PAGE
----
FDA approves Kowa Pharmaceuticals’ statin
ROCKVILLE, Md. The Food and Drug Administration has approved a new drug for lowering cholesterol.
The FDA announced Monday the approval of Livalo (pitavastatin), manufactured by Montgomery, Ala.-based Kowa Pharmaceuticals.
Like other statins, the drug is designed for patients for whom diet and exercise have failed to lower cholesterol levels. Statins lower cholesterol by inhibiting HMG Co-A reductase, a liver enzyme involved in the liver’s manufacture of cholesterol.
“Elevated or abnormal cholesterol levels are associated with an increased risk for heart disease and stroke,” FDA Center for Drug Evaluation and Research Division of Metabolism and Endocrinology Products deputy director Eric Colman said in a statement. “Today’s approval offers patients and their healthcare professionals another alternative way to treat high cholesterol.”
Caraco settles patent suit over cancer generic
DETROIT A generic drug maker announced Monday that it had settled patent litigation over a generic version of a cancer drug.
Caraco Pharmaceutical Labs said it reached a settlement with MedImmune over a generic version of the drug Ethyol (amifostine). MedImmune had filed the suit in the U.S. District Court for the District of Maryland.
Under the settlement, MedImmune granted Caraco a license to certain patents that permit Caraco to continue marketing its generic version of Ethyol in the United States.
Biosimilars bill passed by House committee draws response from GPhA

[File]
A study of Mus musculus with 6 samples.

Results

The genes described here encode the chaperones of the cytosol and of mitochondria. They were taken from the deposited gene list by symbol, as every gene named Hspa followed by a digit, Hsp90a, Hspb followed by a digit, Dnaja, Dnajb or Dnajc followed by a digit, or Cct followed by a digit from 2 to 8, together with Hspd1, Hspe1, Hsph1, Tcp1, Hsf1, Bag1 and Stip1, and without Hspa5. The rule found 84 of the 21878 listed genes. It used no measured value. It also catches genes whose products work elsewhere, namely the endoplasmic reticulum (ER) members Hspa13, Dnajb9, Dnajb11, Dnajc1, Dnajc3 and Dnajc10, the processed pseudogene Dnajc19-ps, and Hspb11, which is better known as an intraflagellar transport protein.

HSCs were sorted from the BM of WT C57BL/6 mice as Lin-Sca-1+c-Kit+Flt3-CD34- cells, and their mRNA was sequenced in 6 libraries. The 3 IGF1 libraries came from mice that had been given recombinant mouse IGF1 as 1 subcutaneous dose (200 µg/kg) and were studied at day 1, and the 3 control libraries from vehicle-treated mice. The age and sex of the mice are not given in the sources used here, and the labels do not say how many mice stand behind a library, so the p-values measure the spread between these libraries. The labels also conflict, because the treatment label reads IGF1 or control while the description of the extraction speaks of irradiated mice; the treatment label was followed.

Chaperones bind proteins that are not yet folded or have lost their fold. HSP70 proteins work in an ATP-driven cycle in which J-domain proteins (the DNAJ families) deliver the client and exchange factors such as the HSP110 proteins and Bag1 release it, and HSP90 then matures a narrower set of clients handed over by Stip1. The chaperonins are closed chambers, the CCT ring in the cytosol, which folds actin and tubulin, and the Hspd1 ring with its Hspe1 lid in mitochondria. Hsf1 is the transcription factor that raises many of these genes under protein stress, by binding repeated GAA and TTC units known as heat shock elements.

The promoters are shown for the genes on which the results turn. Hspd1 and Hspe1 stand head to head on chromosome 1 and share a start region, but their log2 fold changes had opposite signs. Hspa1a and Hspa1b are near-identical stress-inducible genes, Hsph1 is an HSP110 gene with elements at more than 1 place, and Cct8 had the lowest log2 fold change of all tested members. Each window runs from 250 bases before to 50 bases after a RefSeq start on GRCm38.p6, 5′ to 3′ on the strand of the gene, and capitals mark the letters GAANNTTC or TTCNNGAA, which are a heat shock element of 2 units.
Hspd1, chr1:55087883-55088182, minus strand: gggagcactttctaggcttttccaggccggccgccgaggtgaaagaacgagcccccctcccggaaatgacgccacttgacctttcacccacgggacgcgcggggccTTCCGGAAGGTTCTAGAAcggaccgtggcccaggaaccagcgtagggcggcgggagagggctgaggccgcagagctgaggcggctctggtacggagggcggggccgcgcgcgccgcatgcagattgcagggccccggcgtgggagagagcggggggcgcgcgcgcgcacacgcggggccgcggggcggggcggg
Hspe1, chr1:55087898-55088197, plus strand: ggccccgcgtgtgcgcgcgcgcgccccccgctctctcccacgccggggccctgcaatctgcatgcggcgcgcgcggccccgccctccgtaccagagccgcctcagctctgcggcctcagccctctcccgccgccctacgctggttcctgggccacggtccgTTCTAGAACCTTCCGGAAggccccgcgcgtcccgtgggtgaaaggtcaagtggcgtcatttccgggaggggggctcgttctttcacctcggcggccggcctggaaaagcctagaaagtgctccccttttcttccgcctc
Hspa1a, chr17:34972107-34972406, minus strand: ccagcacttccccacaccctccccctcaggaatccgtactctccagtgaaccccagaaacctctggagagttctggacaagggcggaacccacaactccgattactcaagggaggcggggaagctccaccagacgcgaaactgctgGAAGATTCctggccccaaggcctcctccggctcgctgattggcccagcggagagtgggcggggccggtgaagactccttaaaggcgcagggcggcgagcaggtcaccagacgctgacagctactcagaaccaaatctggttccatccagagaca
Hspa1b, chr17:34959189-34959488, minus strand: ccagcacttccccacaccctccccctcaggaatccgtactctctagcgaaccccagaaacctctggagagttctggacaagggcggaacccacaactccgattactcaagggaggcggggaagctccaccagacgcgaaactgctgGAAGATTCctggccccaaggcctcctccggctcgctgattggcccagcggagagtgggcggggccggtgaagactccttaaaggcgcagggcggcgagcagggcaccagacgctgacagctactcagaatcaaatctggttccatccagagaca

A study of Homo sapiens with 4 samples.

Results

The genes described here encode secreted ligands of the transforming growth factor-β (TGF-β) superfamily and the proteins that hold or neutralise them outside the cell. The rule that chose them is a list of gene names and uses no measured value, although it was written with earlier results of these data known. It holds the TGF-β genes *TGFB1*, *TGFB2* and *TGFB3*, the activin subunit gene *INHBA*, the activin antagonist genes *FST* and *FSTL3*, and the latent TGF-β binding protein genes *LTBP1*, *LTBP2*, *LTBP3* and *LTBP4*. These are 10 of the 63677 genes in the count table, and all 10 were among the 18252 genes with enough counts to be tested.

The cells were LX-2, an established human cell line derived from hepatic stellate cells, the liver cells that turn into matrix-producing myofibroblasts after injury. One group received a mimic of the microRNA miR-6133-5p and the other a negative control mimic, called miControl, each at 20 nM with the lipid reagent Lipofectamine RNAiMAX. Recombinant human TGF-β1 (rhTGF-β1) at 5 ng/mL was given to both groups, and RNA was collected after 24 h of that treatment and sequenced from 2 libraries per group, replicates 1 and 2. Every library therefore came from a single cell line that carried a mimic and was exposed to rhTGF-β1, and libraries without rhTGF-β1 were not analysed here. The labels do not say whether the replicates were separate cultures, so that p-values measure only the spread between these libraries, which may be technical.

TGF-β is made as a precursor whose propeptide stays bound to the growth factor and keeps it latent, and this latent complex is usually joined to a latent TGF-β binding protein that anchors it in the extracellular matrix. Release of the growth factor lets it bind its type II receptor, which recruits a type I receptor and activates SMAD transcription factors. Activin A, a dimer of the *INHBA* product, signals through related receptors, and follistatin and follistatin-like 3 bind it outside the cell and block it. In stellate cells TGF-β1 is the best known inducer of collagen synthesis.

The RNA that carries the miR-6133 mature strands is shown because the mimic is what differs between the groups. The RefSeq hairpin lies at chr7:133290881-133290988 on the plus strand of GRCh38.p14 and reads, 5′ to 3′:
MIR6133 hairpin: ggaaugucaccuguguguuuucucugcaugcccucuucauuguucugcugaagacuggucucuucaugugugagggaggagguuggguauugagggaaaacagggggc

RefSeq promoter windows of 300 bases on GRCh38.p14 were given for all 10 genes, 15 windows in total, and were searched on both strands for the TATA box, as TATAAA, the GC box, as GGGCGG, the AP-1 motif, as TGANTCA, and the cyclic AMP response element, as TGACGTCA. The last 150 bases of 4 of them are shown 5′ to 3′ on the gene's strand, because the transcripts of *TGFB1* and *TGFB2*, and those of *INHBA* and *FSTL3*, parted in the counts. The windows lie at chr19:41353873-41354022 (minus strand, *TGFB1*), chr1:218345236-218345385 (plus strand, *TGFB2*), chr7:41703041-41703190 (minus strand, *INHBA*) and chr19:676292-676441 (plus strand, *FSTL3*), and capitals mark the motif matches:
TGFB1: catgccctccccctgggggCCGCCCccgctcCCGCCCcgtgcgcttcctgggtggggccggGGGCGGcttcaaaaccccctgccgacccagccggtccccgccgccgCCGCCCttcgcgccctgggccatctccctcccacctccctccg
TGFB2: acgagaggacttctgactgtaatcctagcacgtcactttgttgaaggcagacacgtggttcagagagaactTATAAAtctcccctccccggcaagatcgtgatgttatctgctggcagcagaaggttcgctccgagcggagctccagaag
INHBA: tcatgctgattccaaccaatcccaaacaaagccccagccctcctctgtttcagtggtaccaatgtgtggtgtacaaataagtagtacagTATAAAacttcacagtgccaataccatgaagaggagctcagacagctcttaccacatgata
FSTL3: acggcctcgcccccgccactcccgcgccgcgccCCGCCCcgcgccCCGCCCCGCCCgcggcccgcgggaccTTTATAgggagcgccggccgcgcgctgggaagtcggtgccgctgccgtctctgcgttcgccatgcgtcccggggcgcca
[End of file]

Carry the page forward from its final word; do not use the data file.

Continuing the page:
NEW YORK A House committee vote has brought a pathway for biosimilars one step closer to reality, but not in a way that pleases everyone.
The House Energy and Commerce Committee voted 47-11 Friday to pass an amendment to the healthcare reform bill that would give biotech drugs 12 years of market exclusivity before they face competition from biosimilars.
“We are sincerely disappointed that some members of the House Energy and Commerce Committee have decided to put brand pharmaceutical profits before patient needs,” Generic Pharmaceutical Association president and CEO Kathleen Jaeger said in a statement. “The amendment passed tosses patient needs out the window.”
In March, Reps. Henry Waxman and Anna Eshoo, both California Democrats, sponsored competing bills in Congress to allow a regulatory pathway for biosimilars. Waxman’s bill would give biotech drugs five years’ market exclusivity before facing biosimilar competition, like the Hatch-Waxman Act of 1984, which created a pathway for generic pharmaceutical drugs. Eshoo’s bill would grant 12 to 14 years of exclusivity. The short-exclusivity plan has the support of the generic drug industry, patient advocates, pharmacy trade groups and The Washington Post editorial page, though legislation to allow longer exclusivity periods has advanced further in the House and Senate.